18th Nov 2016, 17:13
Hi Dear Friends,

Maybe soon I will start my training for the Dash 8 Q400, any one can arrange me CBTs

And also I would like to know your advices for the first Training and specific advices for this aircraft.

Thank you very much in advance.

Tu.114
18th Nov 2016, 18:14
Is this Your first type rating or did You fly any airliner before?

rasac
18th Nov 2016, 18:17
Never flew any airliner before, trying to get my first flying job

Tu.114
18th Nov 2016, 18:57
A word of warning then: Do not sign up for a type rating unless You have a job offer at hand - or do You like to waste a lot of money? I know several guys who paid up for e. g. a 320 rating, but now are employed on the DH8.

Generally with regards to type ratings: There is a whole lot to be studied in a rather short time frame. Study, ask the instructors if You are not sure about something, and whenever You have some time to spare, pick a subject and discuss it with Your colleague. Especially the last point is often immensely helpful: if You have understood something the same way as the colleague, You should be fine; if you disagree on something, get out the books and look it up. Strive to understand the aircraft and its systems as perfectly as possible. Know what each system does, how it is operated, its limitations and also consider its failure modes

One instructor once said: "What, You are short on time? Well, the day has 24 hours, and if this is not sufficient, You will have to use the night as well."

About the DH8. Had You flown jets before, You would have been in for a surprise, the Dash is a wholly different animal. But as You come from flight training, it may even be easier as You approach this aircraft without previous experiences You might have to unlearn.

Although all the systems are required to be known, there are some focal points. The electric system is one of the keys to this aircraft and needs to be well understood. Also, if You have never flown an EFIS aircraft, study this well and do understand the flight mode panel, as I have seem some fresh colleagues struggle with this a little bit. Not forgetting the limitations here. There are several situations that require the use of special limitations not applicable in others, e. g. icing vs. non-icing or low visibility operations. The FMS is not always logical, its menus and user guidance require some getting used to (this is a point that you will come across later in training though).

Once you get to the simulator stage, do know the memory items by heart. If someone wakes you up at 0-dark-30 and shouts at you "Fire drill Engine 1" (or whatever the trigger is in Your company), know what to do.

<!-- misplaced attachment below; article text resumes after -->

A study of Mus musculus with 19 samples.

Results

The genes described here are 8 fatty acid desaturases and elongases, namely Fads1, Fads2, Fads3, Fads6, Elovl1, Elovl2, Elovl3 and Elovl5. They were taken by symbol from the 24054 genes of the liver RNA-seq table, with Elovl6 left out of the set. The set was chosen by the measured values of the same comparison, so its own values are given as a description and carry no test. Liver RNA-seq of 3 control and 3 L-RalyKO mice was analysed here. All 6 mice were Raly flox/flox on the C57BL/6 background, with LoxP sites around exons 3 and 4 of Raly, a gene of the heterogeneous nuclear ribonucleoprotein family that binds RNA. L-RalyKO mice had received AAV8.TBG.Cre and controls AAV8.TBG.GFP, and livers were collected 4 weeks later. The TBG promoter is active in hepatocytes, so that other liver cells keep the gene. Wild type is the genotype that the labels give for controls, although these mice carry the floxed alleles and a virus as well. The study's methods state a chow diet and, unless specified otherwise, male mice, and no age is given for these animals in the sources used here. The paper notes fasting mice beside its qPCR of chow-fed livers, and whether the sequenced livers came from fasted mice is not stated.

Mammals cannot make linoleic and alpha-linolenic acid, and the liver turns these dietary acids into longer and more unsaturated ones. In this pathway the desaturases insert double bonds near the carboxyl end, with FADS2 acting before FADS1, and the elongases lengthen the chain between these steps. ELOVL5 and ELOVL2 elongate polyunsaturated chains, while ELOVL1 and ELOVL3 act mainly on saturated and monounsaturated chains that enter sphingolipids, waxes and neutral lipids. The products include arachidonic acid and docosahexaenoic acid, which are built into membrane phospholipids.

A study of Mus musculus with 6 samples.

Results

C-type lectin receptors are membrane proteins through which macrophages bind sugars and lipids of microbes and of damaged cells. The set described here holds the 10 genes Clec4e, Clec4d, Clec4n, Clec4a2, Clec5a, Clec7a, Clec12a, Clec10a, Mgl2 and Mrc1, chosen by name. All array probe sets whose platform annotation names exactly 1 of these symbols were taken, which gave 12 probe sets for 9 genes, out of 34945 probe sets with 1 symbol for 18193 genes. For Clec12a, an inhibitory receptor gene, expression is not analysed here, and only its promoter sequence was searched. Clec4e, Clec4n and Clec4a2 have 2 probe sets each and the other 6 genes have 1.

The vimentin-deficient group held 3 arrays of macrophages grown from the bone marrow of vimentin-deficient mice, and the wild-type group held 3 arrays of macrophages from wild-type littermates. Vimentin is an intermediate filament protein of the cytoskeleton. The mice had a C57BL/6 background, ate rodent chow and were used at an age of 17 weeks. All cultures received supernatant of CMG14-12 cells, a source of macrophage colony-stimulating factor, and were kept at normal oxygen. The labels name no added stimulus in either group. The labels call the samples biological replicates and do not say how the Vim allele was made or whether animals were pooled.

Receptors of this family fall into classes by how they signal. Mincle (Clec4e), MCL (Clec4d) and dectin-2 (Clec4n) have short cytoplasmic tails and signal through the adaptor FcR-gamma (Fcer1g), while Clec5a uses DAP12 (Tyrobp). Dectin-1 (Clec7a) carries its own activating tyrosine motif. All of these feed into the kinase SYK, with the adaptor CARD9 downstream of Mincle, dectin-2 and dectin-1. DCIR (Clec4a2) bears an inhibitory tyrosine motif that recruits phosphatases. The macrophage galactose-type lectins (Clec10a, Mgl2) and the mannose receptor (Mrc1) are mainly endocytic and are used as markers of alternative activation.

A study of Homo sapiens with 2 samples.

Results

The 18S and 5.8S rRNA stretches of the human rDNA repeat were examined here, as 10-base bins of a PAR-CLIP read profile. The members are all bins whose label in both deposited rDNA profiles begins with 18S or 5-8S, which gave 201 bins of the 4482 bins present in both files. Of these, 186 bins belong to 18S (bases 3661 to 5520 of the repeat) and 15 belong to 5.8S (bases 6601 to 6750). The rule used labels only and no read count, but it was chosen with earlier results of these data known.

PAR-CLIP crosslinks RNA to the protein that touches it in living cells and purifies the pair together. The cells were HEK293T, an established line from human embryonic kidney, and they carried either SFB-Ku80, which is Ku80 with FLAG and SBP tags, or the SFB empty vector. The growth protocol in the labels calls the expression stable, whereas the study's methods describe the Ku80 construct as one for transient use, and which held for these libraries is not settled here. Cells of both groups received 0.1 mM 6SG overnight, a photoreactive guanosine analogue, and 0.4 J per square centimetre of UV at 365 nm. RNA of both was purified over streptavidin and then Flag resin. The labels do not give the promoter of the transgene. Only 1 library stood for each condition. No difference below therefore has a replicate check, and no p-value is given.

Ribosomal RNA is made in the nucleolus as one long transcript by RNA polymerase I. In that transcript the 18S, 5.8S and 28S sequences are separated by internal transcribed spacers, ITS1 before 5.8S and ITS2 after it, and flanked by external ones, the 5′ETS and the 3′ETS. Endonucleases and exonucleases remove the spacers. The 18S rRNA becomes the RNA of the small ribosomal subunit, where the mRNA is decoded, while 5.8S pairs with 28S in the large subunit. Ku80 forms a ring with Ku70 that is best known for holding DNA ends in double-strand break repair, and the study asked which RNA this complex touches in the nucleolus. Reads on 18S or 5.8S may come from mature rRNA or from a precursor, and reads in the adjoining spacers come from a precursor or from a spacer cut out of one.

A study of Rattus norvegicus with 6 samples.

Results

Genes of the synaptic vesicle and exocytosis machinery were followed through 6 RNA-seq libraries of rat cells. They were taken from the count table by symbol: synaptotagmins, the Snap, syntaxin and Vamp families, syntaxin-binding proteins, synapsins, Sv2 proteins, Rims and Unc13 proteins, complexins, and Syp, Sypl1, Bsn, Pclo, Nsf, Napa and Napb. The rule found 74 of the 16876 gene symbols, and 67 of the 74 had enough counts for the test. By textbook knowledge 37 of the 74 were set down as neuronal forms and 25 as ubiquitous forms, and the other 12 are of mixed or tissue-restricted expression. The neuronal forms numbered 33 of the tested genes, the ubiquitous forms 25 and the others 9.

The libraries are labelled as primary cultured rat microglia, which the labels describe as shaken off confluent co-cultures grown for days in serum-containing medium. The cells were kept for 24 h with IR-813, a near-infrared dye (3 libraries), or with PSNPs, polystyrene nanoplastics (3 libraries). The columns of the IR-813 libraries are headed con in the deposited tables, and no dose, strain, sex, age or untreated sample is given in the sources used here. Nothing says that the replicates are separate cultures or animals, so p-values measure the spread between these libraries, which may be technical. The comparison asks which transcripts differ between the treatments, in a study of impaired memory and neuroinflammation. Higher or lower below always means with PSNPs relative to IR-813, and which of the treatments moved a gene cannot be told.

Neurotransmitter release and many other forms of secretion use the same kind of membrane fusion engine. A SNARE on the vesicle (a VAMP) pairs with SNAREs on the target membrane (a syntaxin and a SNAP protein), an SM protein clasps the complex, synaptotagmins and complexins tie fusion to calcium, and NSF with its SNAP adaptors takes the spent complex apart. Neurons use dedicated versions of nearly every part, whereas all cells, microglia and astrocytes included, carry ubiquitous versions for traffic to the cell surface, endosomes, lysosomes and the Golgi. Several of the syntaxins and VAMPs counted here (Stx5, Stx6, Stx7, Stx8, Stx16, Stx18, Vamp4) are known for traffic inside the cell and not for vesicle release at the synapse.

Many fresh colleagues take a while until they can consistently land the aircraft properly under all conditions. On the DH8, You have 2 (or, company dependent, 3) flap settings, 2 propeller RPM settings and the deicing systems either on or off - typically, any combination thereof is approved for landing (although there are situations requiring a defined configuration - again, limitations!), and some say that you have 8 different aircraft to choose from. Flaps 15 will generally require a pitch not much above 0 and you will need to mind the tail clearance during flare, Flap 35 will give You a pitch of about 2 nose down, and suddenly, tail clearance is no longer an issue, but the nose wheel landing is. A higher prop RPM will result in the aircraft being very sensitive to power lever movements; while this allows for excellent controllability when it comes to selecting a point to touch down on, one needs to remember not to idle them too early. And icing conditions will see you approach at 15-20kts faster than normal with obvious effects on the roundout, energy management during flare, landing performance, pitch during approach etc.

You have two rather strong engines sitting in front of the wing with both propellers running clockwise (seen from behind), causing a noticeable prop wash over the wing. This results in several things. Changing power settings requires trimming all 3 axis: pitch, as the altered prop wash also changed lift; bank, as the torque from the engines has changed; and also yaw due to the P factor (just like on a Cessna, but much more so). Consequently: if you move the power levers and are not in a hurry, move them smoothly and, if possible, move them a little, then trim, move, trim etc. until You are at the desired settings. Passengers and cabin crew especially in the rear will be grateful. During approach, if You idle the power, the aircraft will settle down. Knowing when and how fast to idle the engines and how much flare goes with this is another key point to this aircraft but comes with experience. But this also applies when adding power. During a two-engine go around, a stall or windshear recovery or the like, expect the power to be on very quickly and expect remarkable performance. It is also a factor during single-engine operation. With the prop wash present on one, but missing from the other wing, expect some tendency to drop the wing into the bad engine. Also, a drift angle of about 7 at high power and low airspeeds is to be expected.


But still, it is an aircraft. It obeys the same physics as any other aircraft You have previously flown do. So do respect it and handle it the way it needs to be handled, just like You would any other aircraft.

rasac
25th Nov 2016, 17:32
Thank you very much for your perfect explanation!